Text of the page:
That culture within the police has changed dramatically over the past decade, which is to be commended. For example, Strathclyde Police has been very innovative in the run-up to and immediately after old firm games when, as a direct result of police activity, there has been a 28 per cent reduction in the incidence of domestic abuse, be it against men or women.
Mainstream services provided by organisations such as Victim Support Scotland, health services and local authorities have a responsibility to support all victims of domestic abuse with the same courtesy and understanding. Victim Support, for example, provides practical and emotional support to all victims of crime, including men who experience domestic abuse. It is the largest voluntary organisation addressing the needs of victims in Scotland. In addition, there is now a specialist service providing support to male victims of domestic abuse in Scotland, which I will come on to in just a moment.
It is clear that domestic abuse against a man is just as abhorrent as when a woman is the victim, and the Government is committed to tackling the issue. However, it is also clear that there are differences in the experiences of male and female victims, and in their service needs. One of the benefits of the launch of a specialist helpline is that it will help us to collect the necessary intelligence to enable us to design services for male victims of domestic abuse over a period of time.
The Government recognises that men who experience domestic abuse require a service that is specific to their needs. That is why, in March, with cross-party support, I launched the extension of the men's advice line service to Scotland. The helpline has been funded with £12,000 initially for this year on a pilot basis. The funding came from the equality unit budget and not from money that would otherwise have been used to provide services for women, and it is for one year at present, with the option to continue thereafter. The men's advice line is a confidential, freephone helpline offering emotional support, information and practical advice to male victims of domestic abuse. It will gather information on the number of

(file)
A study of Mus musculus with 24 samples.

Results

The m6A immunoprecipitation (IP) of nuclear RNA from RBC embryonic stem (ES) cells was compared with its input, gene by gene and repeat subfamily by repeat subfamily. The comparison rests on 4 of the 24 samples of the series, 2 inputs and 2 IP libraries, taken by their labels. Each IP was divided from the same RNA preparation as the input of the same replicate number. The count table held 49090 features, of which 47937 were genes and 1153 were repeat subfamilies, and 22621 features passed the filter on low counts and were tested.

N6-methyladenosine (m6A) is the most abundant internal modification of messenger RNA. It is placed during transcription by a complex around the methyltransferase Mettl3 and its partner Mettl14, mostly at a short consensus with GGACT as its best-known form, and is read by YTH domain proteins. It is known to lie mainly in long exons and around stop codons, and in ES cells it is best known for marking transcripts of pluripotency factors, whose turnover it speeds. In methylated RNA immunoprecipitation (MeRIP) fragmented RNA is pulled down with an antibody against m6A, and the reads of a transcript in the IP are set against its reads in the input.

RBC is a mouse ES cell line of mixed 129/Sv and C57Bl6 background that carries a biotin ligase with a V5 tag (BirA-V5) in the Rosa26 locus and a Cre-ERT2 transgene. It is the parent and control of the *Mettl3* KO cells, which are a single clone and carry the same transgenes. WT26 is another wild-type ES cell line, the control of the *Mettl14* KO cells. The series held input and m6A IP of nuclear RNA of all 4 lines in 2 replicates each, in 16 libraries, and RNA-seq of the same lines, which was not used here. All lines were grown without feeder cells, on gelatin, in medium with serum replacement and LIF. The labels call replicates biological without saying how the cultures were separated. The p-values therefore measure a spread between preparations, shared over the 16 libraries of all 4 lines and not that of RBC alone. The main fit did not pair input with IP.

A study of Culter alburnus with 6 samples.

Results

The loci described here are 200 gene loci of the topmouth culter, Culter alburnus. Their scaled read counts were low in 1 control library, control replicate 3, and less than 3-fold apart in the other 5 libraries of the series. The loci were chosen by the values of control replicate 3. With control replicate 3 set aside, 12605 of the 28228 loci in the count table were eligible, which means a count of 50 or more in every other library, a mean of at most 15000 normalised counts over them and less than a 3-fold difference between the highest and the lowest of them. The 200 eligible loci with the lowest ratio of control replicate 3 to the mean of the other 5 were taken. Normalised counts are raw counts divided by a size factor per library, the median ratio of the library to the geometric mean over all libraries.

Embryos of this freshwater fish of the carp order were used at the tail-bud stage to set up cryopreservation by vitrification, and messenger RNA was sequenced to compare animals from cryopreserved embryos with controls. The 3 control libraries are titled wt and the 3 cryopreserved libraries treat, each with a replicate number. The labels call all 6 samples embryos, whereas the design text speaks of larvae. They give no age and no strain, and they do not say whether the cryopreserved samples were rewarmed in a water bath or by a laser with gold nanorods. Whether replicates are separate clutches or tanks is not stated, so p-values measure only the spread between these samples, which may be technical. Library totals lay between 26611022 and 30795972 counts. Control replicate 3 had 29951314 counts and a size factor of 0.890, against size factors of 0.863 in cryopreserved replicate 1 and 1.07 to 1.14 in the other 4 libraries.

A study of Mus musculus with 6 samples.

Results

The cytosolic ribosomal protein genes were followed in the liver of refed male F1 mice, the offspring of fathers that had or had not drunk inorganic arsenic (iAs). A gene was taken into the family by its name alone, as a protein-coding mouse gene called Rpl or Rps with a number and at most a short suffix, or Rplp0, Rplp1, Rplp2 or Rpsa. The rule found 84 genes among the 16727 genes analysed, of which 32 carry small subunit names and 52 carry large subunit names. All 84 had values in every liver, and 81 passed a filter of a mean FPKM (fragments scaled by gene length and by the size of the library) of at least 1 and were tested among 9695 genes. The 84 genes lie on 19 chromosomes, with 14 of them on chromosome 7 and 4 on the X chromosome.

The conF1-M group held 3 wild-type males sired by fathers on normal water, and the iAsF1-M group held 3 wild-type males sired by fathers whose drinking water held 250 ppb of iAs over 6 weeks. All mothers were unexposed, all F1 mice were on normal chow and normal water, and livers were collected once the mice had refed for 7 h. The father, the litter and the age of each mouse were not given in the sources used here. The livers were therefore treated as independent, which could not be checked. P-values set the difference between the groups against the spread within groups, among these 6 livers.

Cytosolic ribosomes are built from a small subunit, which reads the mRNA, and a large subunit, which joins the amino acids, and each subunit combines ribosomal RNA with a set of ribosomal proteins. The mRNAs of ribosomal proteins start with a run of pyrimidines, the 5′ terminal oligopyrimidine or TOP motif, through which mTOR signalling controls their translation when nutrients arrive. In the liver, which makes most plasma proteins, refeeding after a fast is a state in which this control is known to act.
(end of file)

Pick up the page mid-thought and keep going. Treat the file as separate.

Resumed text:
It is very early days yet but, in one month alone, the helpline had 21 calls from Scotland, with five of those being from male victims of domestic abuse. If we assume that the same number of calls will be received each month this year, that will be equivalent to a rise of 150 per cent in the number of calls in a year compared with before the launch, despite the fact that publicity material is still being distributed and is still to be made widely available throughout the country. The men's advice line will be an invaluable source of information about male victims in Scotland. We have never previously had the opportunity to gather such in-depth intelligence on the issue.